Health Highlights: Oct. 8, 201310/08/13
Here are some of the latest health and medical news
developments, compiled by the editors of HealthDay:
Salmonella Outbreak Traced to Chicken From California Plants
Raw chicken packaged at three Foster Farms facilities in
California has been identified as the cause of a salmonella
outbreak that has sickened 278 people in 18 states since March,
according to federal officials.
Consumers need to cook chicken thoroughly and take other
precautions in order to prevent illness, the Department of
Agriculture said Monday. The chicken was distributed to retail
outlets in California, Oregon and Washington state and most of the
illnesses have occurred in California, the
Even though the outbreak appears to have begun in March, the
USDA was only notified of the illnesses in July, according to Dan
Engeljohn of the USDA's Food Safety and Inspection Service. He said
investigators had a difficult time pinpointing the source of the
No recall is in effect and the salmonella infections were caused
by eating chicken that was undercooked or improperly handled, a
spokesman for Foster Farms told the
The three facilities that packaged the chicken associated with
the outbreak were all in California's Central Valley, one in
Livingston and two in Fresno. The USDA had not directly connected
the outbreak to a specific product or production period. Suspect
packages of chicken would have USDA marks P6137, P6137A and
California health officials said no recall was planned, but
reminded consumers that chicken must be cooked to an internal
temperature of 165 degrees F.
"This is the important public health issue," Anita Gore, spokeswoman for the California Department of Public Health, told the AP. "Chicken can carry bacteria, and chicken needs to be fully cooked."
She added that people must thoroughly wash their hands after
handling raw meat.
Anyone who believes they were infected by salmonella and has
symptoms such as diarrhea and abdominal cramps should contact a
doctor immediately, Gore told the
Turkey Hill Ice Cream Recalled
Some types of Turkey Hill ice cream sold at stores in certain
states are being recalled because they might contain metal
The voluntary recall is limited to products sold at certain
Turkey Hill Minit Markets in Pennsylvania, some Wal-Mart stores in
Pennsylvania and West Virginia and other small grocery and
convenience stores in Pennsylvania and Maryland,
The recall covers:
- 1 pint Turkey Hill Chocolate Peanut Butter Cup Premium Ice
Cream; UPC Code:0-20735-42005-8; Sell By Date: 10/04/2014
- 1.5 quart Turkey Hill Fudge Ripple Premium Ice Cream; UPC Code:
0-20735-11011-9; Sell By Date: 09/30/2014 42-092
- 1 pint Turkey Hill Moose Tracks Stuff'd Frozen Dairy Dessert;
UPC Code: 0-20735-42025-6; Sell By Date: 09/27/2014 42-092.
The products would have been purchased by Oct. 1, 2013. No
illnesses have been reported, according to the Conestoga, Pa.-based
Customers can return the recalled products to the place of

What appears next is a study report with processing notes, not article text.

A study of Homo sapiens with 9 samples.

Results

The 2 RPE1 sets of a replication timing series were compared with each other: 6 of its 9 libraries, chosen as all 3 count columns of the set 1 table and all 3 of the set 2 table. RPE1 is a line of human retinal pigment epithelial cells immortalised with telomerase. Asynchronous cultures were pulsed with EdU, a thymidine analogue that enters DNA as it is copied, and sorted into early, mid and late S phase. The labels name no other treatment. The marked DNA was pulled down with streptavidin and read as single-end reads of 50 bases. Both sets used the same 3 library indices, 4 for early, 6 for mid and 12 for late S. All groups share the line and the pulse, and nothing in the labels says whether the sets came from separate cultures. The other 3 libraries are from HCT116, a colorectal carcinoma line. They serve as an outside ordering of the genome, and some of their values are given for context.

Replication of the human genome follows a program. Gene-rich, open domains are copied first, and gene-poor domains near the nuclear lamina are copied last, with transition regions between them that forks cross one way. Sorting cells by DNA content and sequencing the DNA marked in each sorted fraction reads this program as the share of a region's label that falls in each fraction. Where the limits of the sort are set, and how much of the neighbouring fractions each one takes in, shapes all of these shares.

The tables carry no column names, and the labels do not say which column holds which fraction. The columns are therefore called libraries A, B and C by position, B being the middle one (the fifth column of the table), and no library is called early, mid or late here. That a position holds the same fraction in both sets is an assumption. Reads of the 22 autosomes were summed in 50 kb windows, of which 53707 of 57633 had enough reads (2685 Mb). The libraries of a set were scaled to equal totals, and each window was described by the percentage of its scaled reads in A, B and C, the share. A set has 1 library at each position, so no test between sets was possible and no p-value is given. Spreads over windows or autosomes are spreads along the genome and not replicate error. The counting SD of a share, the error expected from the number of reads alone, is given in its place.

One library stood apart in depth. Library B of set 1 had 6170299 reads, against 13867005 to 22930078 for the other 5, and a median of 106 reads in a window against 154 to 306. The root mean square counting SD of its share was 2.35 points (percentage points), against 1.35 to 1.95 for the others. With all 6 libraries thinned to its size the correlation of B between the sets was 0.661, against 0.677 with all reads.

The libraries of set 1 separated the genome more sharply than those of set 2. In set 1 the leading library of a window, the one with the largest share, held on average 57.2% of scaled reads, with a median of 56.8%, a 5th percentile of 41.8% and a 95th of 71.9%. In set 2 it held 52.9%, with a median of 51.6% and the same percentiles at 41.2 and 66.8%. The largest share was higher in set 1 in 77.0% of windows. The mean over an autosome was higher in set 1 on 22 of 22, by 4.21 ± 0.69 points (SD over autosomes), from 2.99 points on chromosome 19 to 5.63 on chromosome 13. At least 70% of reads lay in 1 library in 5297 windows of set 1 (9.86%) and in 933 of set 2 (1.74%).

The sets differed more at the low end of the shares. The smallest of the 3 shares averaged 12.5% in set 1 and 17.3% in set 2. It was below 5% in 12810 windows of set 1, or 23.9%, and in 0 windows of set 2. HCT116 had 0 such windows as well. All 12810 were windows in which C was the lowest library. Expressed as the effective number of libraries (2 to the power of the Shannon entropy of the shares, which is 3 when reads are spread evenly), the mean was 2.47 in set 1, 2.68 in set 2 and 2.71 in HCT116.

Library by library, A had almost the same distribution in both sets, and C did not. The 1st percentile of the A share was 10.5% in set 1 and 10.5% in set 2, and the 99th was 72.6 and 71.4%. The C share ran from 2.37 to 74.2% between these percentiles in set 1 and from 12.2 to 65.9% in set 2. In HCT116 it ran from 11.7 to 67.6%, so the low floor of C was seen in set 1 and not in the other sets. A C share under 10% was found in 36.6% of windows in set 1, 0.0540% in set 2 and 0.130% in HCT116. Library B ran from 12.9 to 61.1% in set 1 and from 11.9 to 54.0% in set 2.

purchase for a refund, or contact Turkey Hill at
W. Virginia Has Highest Rate of Fatal Drug Overdoses: Report
West Virginia has the highest rate of fatal drug overdoses in
the United States, followed by New Mexico and Kentucky, according
to a new report.
In 2010, the rate in West Virginia was 28.9 overdose deaths per
100,000 people, which is more than six times higher than the 1999
rate of 4.1 per 100,000 people. Most of the deaths in 2010 were the
result of prescription drug abuse, the
The overdose death rate was 23.8 per 100,000 in New Mexico and
23.6 per 100,000 in Kentucky, according to the report released
Monday by the Trust for America's Health.
It also said that prescription drug overdose deaths in the U.S.
now outnumber those from heroin and cocaine combined, and that in
29 states, more people die from drug overdoses than from motor
vehicle crashes, according to the
Only 1 in 10 Americans with a drug problem receives treatment,
the report noted.
"The rapid rise of abuse requires nothing short of a full-scale response -- starting with prevention and education all the way through to expanding and modernizing treatment," Jeffrey Levi, the trust's executive director, said in a statement, the APreported.
"There are many promising signs that we can turn this around, but it requires urgent action," Levi added.
He said abuse of prescription painkillers alone is costing the
country about $53.4 billion in criminal justice and medical
expenses, as well as lost productivity, the
Copyright © 2013
. All rights reserved.
Please be aware that this information is provided to supplement the care provided by your physician. It is neither intended nor implied to be a substitute for professional medical advice. CALL YOUR HEALTHCARE PROVIDER IMMEDIATELY IF YOU THINK YOU MAY HAVE A MEDICAL EMERGENCY. Always seek the advice of your physician or other qualified health provider prior to starting any new treatment or with any questions you may have regarding a medical condition.